MANILA, Philippines (AP) — Philippine President Rodrigo Duterte has ordered the police and other law enforcement agencies to rejoin anti-drug operations, overturning his earlier directive to leave it to the government's anti-drug agency to handle the much-criticized campaign, his spokesman said Tuesday.
A month before a November summit in Manila of Asian and Western leaders, Duterte pulled the police from his bloody war on drugs amid criticism from human rights advocates, foreign governments and the United Nations of a campaign that has left thousands of drug suspects dead in police operations.
Presidential spokesman Harry Roque said Duterte's new memorandum directs the Philippine National Police and other law enforcement agencies "to resume providing active support" to the Philippine Drug Enforcement Agency in anti-drug operations. It supersedes Duterte's earlier directive, he added.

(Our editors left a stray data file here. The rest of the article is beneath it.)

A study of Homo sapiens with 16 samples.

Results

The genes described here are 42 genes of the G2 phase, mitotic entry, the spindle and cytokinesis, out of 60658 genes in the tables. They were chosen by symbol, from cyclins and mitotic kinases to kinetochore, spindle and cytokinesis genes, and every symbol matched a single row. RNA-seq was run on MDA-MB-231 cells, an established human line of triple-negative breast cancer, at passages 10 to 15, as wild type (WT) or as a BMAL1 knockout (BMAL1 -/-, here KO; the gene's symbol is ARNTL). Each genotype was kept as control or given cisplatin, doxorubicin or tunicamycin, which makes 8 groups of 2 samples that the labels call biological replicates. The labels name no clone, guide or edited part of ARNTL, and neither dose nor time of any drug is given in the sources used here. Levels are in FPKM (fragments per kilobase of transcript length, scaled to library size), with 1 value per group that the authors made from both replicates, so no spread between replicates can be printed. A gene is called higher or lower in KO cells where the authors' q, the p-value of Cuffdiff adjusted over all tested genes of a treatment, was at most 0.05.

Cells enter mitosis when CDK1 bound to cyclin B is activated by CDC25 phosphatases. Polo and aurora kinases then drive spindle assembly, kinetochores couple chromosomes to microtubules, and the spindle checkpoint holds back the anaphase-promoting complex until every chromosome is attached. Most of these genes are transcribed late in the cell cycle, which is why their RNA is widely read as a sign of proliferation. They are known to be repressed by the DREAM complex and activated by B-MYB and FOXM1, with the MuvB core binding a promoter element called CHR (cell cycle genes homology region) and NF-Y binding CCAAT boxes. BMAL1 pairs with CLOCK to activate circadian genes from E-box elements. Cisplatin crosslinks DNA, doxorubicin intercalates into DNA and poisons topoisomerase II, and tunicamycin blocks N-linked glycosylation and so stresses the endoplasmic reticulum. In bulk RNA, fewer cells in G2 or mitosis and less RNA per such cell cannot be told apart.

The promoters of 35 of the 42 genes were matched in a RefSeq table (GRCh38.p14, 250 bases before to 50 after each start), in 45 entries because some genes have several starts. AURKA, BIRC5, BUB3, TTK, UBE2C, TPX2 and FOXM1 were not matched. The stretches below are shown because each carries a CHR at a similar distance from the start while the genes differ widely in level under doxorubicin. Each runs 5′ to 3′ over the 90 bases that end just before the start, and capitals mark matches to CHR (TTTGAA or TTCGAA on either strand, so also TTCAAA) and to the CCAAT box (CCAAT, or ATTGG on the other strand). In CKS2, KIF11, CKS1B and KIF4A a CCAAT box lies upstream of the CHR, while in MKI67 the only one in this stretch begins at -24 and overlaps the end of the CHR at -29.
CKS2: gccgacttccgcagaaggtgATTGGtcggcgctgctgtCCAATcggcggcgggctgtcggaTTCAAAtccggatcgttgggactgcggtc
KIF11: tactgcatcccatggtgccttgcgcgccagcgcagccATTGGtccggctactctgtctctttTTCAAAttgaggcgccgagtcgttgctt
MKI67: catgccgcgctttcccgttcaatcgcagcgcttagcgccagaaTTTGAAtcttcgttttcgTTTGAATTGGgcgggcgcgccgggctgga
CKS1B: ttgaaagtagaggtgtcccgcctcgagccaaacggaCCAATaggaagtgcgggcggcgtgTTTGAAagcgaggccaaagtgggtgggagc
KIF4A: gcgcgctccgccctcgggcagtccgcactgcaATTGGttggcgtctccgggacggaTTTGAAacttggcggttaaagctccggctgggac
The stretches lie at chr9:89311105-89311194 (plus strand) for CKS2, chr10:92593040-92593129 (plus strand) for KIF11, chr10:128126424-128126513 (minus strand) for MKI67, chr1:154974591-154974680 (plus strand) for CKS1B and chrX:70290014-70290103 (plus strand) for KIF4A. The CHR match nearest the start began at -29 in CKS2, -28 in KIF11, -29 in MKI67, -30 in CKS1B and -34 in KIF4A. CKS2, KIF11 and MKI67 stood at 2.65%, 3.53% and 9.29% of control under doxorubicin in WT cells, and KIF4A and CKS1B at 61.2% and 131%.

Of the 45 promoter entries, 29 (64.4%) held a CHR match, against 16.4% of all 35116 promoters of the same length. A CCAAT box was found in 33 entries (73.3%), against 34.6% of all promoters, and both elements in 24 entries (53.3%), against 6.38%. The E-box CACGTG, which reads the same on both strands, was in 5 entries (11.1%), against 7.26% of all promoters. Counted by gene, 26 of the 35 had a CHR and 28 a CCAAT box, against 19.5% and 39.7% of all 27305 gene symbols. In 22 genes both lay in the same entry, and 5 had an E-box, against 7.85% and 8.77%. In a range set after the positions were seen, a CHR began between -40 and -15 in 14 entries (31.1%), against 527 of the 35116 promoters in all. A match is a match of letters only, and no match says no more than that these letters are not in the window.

Roque said Duterte recognizes that the government's anti-drug campaign has been seriously hampered by the PDEA's lack of resources, including agents and operatives, and that there has been a notable resurgence in drug crime since the police and other law enforcement agencies were directed to leave the campaign.
Meanwhile, oral arguments were heard in the Supreme Court for a third day Tuesday on petitions challenging Duterte's war on drugs.
Supreme Court Chief Justice Maria Lourdes Sereno said there was a day when 32 drug suspects were killed in one province in nine hours and a similar number killed in one city, and that Duterte was quoted as saying that was a good result that should happen every day. Solicitor General Jose Calida responded that Duterte may have been in a joking mood.